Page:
Joint Commission Advice for Managing Medical Device-related Pressure Injuries

PUBLISHED: Jul 26, 2018
Relevant to: Critical Access Hospitals, Hospice, Hospitals, Long Term Care

The Joint Commission (TJC) has issued a new Quick Safety Issue addressing the management of medical device-related pressure injuries. According to TJC, medical device-related pressure injuries account for upwards of 30 percent of all hospital-acquired pressure injuries. As with pressure injuries caused by immobility, medical device-related pressure injuries are frequently found over bony prominences; device-related pressure injuries tend to mirror both the shape and location of a device.

The difference between immobility-related and medical device-related injuries can be challenging to ascertain but any patient with a medical device should be considered at risk for a device-related pressure injury and preventative step should be implemented.

In this Quick Safety Issue, TJC recommends the following safety actions:

  • Assessment: Comprehensive skin assessment should include assessing the skin underneath the medical device to identify any early signs of pressure. The pressure injury risk assessment should be standardized and use risk assessment tools/scales. Areas to evaluate include mobility, nutrition, moisture.
  • Education: Patient/family education should include an explanation of all medical devices in use, their location, purpose and function. Increasing awareness of the risk of medical device-related pressure injuries is important.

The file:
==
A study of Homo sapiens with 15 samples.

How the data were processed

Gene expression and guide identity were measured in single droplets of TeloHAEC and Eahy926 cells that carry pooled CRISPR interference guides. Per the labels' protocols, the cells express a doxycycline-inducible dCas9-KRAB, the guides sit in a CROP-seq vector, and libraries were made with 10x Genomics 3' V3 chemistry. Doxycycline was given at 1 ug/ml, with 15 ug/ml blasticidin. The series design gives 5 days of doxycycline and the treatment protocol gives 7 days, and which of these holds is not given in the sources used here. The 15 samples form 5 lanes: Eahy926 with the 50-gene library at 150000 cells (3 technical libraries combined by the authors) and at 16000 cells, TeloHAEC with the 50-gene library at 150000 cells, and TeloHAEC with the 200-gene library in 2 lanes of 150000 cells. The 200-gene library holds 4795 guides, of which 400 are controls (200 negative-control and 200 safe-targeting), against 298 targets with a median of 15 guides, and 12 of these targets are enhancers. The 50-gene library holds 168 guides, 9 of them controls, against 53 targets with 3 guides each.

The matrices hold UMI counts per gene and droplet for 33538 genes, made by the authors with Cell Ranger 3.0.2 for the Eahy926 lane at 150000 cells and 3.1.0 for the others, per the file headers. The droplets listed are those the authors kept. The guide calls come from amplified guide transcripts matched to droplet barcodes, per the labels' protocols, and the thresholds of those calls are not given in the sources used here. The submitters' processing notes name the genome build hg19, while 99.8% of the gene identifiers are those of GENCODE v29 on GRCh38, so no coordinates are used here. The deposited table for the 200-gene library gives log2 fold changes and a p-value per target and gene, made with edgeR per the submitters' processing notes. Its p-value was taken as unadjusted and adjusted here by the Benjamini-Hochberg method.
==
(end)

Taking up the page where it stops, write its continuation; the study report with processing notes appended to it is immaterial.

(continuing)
• Positioning: The position of the medical device should, whenever feasible, be routinely redistributed. Medical devices should be removed as soon as possible dependent on the patient’s medical condition.
  • Device care: The patient should be provided a device that is the correct size and type for the patient/patient’s condition. Skin should be padded to reduce friction. Manufacturer’s instructions/recommendations for use and care of the device should always be followed.
  • Documentation and communication: Standardized communication tools (forms, checklists, etc.) should be used to ensure that patient assessment, interventions and care needs are consistent and effectively communicated to all health care providers and caregivers.
  • Teamwork: Ensure an organizational culture that promotes teamwork and communication and promotes pressure injury prevention.
  • Continuous monitoring: Conduct surveillance on the incidence and prevalence of medical device-related pressure injuries.

Included with today’s notice is an example policy related to pressure injury prevention.